How police are working to quell community concerns and end exhibition driving
Exhibition drivers “are not worried about the police at all”
Police are now working to put your mind at ease, as well as take action to prevent the dangerous stunt driving.
Many residents have gotten more frustrated by what they deem a lack of progress against the problem of exhibition driving.
“People are talking about moving, people are worried about walking into a restaurant they might get runover on the sidewalk,” said one resident.
On August 16, several shared their experiences at the Central City Neighborhood meeting. Deputy Chief Ron Sellers attended, and took time to answer the questions.
He explained, several challenges make it a difficult issue to police.
For one, right now police can only issue citations when participants are caught. However, they are not supposed to chase people who run because it is only a citational offense.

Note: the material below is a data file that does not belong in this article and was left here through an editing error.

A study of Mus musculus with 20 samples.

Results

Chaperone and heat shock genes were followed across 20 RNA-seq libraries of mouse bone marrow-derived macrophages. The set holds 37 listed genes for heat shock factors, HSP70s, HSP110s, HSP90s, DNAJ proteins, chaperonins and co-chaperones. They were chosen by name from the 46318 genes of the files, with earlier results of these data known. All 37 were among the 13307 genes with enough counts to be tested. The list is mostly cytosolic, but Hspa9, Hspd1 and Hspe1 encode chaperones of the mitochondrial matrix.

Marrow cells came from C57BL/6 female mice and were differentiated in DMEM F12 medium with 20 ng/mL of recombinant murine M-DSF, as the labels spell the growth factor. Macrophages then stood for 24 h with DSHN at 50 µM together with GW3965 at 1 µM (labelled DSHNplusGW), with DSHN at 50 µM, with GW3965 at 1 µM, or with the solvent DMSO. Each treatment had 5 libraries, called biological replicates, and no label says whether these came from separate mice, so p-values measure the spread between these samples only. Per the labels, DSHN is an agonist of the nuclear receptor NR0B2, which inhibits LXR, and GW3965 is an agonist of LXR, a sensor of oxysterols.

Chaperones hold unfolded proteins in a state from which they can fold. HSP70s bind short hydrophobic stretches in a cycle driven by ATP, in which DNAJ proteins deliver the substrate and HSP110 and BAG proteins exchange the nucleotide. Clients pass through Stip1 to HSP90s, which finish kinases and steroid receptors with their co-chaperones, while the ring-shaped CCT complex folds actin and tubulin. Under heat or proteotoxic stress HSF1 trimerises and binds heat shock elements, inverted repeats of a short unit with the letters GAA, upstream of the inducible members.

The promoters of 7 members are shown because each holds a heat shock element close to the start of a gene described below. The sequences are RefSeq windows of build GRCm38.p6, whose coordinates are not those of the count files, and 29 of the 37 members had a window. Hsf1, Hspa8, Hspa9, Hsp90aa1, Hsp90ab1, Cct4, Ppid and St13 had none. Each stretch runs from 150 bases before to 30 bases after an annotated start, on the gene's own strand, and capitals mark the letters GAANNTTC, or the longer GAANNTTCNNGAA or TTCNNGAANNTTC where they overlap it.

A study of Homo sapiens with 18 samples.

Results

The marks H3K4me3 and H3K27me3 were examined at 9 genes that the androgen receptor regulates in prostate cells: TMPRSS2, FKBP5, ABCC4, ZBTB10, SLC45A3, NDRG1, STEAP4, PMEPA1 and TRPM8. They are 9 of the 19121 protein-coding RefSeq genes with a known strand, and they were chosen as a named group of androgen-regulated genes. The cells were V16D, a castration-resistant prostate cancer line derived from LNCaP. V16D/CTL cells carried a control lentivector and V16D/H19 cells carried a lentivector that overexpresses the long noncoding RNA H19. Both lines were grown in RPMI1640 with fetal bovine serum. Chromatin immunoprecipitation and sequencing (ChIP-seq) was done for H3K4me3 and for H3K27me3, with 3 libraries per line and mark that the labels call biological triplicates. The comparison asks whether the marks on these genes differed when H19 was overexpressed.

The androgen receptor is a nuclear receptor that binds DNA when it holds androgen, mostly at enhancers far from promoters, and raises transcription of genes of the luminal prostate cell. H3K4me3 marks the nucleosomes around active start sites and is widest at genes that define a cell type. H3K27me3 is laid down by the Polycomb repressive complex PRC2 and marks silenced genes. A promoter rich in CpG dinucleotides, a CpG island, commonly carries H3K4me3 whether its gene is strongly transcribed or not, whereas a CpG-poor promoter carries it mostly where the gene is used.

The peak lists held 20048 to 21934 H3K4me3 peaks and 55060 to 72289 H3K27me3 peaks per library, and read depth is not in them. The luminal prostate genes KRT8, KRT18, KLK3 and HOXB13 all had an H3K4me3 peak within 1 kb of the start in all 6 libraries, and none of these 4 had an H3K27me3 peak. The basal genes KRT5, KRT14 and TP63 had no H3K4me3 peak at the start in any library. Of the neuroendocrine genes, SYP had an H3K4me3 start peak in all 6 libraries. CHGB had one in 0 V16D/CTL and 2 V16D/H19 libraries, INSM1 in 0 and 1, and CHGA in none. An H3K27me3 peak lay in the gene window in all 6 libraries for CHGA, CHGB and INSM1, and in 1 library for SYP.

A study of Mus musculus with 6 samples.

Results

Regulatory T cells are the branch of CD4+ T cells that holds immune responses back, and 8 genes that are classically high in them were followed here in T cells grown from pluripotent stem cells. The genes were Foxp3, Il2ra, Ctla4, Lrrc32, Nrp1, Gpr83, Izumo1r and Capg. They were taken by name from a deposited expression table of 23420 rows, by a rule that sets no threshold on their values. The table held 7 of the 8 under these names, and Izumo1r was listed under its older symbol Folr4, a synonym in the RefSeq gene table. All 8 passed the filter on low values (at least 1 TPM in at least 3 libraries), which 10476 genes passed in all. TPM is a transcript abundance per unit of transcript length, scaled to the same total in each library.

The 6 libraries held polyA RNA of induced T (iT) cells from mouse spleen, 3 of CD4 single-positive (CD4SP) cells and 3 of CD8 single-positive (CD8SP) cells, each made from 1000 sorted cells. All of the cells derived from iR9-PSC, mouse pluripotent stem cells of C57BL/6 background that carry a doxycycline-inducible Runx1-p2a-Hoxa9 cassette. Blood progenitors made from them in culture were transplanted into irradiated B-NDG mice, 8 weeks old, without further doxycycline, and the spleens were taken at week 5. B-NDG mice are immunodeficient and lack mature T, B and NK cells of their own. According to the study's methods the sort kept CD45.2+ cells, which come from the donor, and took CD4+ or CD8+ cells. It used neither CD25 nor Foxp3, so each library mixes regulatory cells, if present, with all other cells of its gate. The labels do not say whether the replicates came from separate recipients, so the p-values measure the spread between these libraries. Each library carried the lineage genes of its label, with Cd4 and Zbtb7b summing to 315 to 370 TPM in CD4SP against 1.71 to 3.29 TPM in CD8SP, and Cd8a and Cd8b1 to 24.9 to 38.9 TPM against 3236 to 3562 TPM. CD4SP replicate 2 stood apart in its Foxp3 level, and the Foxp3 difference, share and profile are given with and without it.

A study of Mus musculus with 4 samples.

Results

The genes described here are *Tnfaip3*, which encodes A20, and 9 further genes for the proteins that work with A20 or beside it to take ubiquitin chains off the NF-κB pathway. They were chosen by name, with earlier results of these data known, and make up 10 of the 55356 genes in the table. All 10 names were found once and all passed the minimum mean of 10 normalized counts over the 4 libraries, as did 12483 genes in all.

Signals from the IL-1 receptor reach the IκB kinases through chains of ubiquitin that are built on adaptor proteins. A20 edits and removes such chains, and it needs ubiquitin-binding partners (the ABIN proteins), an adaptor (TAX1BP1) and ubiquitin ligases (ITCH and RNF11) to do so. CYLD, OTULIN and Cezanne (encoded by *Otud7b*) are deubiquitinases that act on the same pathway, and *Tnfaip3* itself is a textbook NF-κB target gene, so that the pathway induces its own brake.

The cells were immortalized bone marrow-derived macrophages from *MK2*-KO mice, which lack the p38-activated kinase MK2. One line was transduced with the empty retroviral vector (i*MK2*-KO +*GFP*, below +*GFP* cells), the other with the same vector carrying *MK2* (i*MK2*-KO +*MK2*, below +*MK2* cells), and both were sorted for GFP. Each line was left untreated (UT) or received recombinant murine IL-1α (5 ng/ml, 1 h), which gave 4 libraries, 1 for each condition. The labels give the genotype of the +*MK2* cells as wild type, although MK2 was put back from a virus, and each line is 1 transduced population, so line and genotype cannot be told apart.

That is why police hope law reform is enacted in the months ahead.
Deputy Chief Sellers says the police department has issued 2,300 citations in the last fourteen months. Still, neighbors think the issue has only gotten worse, with many of the drivers showing no regard for the law.
“There doesn’t seem to be any fear at all between the bikers and the people racing. They are not worried about the police at all. It is like they are not even there,” said one resident.
Still, Deputy Chief Sellers stresses police are working to tackle the issue.
“I can tell you we cite them, for everything we can. Then they go to municipal court and it is their job to do the punishment,” Deputy Chief Ron Sellers.
The Director of the Department of Transportation says the city will be testing out temporary speed bumps that can be bolted into intersections this weekend.